At three years old, Martha Niño was handed to a coyote to cross the U.S.-Mexico border, risking separation from her family in a foreign nation. At five, she became her family’s “chief translating officer.” At 10, she began her first subscription service by delivering newspapers on her street for a dollar per paper per month.
At 14, she worked in a ceramics warehouse alongside her mother, who worked two jobs to support her family. Today, she’s a senior marketing manager at Adobe and a published author.
After years of being told not to bring attention to herself, Martha knew that she needed to share her story when a child from an agricultural town told her, “People like me can’t be at places like this.”
Martha Niño grew up in hustle culture without even realizing it. All she knew was that if she wanted something, she needed to work hard to achieve it. “Hustle.” It wasn’t a word she was familiar with until later in her life, but it was what she had been doing since she was 10. From a young age, she realized that her parents had worked hard, going from farm to farm, picking cotton, saving money, and holding on to nothing but hope so that they could lead a better life in the United States.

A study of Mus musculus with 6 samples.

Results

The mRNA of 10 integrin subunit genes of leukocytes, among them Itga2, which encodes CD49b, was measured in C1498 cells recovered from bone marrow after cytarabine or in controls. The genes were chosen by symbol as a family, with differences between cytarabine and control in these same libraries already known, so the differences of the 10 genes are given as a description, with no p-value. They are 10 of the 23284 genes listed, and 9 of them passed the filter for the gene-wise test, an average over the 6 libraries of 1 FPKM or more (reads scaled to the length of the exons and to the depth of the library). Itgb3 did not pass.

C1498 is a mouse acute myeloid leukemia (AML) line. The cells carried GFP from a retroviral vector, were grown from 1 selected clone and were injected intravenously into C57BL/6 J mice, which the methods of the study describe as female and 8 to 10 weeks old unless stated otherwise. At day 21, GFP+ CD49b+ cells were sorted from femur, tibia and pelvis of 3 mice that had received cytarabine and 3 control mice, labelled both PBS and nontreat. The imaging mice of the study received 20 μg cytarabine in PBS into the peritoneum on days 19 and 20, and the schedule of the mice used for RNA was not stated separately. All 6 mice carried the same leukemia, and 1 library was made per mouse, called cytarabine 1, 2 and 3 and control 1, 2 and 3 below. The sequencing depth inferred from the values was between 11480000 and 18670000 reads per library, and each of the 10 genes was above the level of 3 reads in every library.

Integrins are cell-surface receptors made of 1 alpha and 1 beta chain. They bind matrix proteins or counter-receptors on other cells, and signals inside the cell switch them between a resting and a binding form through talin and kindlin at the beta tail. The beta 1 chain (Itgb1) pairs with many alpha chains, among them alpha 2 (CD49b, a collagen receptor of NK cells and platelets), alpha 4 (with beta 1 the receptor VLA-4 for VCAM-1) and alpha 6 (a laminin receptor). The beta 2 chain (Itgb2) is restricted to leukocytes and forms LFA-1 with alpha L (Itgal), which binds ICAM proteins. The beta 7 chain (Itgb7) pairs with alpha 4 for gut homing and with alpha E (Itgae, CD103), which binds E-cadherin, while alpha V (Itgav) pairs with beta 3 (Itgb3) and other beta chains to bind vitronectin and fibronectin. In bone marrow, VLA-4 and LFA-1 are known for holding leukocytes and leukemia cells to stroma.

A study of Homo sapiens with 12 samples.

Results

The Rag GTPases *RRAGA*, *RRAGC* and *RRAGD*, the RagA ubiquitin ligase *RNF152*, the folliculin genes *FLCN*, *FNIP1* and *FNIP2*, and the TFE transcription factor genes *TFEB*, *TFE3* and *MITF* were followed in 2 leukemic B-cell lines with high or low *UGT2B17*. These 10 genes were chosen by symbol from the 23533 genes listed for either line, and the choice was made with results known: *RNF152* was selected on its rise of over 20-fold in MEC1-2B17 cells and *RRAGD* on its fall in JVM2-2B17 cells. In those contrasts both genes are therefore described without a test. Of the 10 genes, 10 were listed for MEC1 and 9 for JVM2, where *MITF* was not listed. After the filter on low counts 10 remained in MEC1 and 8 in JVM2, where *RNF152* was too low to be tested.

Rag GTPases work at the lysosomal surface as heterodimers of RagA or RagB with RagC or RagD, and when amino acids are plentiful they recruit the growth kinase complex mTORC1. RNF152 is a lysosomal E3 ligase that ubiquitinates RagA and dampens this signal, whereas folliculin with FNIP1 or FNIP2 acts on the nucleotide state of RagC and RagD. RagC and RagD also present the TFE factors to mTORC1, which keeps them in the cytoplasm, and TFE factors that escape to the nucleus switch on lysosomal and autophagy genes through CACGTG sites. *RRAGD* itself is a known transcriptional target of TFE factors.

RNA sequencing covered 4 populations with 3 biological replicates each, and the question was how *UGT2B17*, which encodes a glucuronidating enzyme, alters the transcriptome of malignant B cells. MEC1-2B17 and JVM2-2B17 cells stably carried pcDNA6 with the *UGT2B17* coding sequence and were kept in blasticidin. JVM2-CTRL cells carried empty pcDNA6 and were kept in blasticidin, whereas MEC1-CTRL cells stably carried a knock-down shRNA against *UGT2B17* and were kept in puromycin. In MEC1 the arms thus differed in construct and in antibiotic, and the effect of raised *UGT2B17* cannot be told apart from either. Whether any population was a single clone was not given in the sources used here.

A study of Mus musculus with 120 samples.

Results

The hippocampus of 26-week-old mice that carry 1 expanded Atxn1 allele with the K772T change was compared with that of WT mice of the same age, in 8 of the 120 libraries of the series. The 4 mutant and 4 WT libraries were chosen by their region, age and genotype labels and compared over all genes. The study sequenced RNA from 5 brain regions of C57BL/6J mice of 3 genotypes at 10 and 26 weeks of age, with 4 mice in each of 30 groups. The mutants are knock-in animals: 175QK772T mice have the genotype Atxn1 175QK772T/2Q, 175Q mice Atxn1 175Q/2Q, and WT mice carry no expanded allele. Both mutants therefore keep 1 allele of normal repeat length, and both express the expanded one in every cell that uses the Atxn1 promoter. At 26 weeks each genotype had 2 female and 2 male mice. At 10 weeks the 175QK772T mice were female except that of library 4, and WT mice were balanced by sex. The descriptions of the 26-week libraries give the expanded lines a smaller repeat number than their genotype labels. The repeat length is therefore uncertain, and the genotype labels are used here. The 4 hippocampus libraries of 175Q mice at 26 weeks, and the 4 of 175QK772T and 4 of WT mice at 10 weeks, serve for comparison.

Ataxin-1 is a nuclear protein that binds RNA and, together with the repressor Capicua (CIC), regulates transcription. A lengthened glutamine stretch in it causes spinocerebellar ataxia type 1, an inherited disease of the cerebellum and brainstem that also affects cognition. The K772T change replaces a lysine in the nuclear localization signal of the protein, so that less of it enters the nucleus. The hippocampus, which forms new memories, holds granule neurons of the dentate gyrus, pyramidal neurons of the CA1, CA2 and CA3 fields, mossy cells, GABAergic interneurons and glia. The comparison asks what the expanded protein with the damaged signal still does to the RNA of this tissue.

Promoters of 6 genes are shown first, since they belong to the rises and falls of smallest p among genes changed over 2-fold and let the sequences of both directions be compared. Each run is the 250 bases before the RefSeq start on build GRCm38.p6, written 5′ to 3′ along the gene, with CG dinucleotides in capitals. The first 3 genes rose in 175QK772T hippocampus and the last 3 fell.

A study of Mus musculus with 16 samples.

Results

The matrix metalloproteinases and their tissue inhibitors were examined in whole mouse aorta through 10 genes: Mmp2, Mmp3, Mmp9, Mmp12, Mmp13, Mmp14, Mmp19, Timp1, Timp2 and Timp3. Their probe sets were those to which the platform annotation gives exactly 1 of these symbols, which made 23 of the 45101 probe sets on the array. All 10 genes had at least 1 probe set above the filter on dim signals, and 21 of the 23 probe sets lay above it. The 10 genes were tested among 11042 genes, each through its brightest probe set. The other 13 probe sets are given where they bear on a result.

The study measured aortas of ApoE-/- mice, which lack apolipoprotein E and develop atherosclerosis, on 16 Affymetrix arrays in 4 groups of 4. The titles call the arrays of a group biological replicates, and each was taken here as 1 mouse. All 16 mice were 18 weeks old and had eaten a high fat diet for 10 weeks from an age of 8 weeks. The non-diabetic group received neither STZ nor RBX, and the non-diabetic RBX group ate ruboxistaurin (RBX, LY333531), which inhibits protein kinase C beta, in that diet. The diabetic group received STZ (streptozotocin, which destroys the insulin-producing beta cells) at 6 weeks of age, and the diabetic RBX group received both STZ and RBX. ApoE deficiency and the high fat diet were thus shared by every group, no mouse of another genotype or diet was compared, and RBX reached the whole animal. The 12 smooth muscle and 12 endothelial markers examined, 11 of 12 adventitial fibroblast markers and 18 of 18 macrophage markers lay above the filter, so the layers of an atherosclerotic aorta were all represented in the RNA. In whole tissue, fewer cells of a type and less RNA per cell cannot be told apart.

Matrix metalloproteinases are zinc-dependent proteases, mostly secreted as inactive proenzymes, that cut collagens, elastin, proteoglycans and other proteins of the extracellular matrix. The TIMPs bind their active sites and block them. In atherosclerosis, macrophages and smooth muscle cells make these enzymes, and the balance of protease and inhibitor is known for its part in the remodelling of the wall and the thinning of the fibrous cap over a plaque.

“I don’t know what’s next, but I’ll be alright.”
Going from doing administrative tasks in the office of a ceramics warehouse to becoming a marketing specialist for a major tech company is a significant leap, and Martha’s way of entering the tech world – true to herself – was nothing short of ordinary. With her previous employer relocating to Mexico, Martha found herself out of a job for the first time. So, after calling a temp agency, she found a job with a sound company. Except, she’d originally misheard it for a “sand company.”
Like her, I’ve thrown myself headfirst into my fair share of different projects without fully knowing what I was getting myself into. I’ve found that it is so important to be open to new things that may come your way and to find that willingness and eagerness to learn. As cliché as it sounds, opportunities do come to those who are open and prepared for them.
“Be comfortable. Be you. Be humble. Be More.”
At 46, Martha began sharing her story, first on a stage with Adobe and then through publishing an autobiography. After the publication of her book, she has continued to share her experiences through speaking events like today. However, the first time telling her story didn’t come naturally to her. She’d sought the help of Jason Levine, an evangelist at Adobe, who spent hours teaching her the ins and outs of public speaking. Even now, she reminds us, we need to seek out people who know more than us so that we, too, can be more. If nothing else, Martha embodies the notion of maximizing opportunities and giving back to the community that believed in her. Beyond that, Martha shows us what it’s like to believe in yourself, to spread positivity, and to always strive for growth.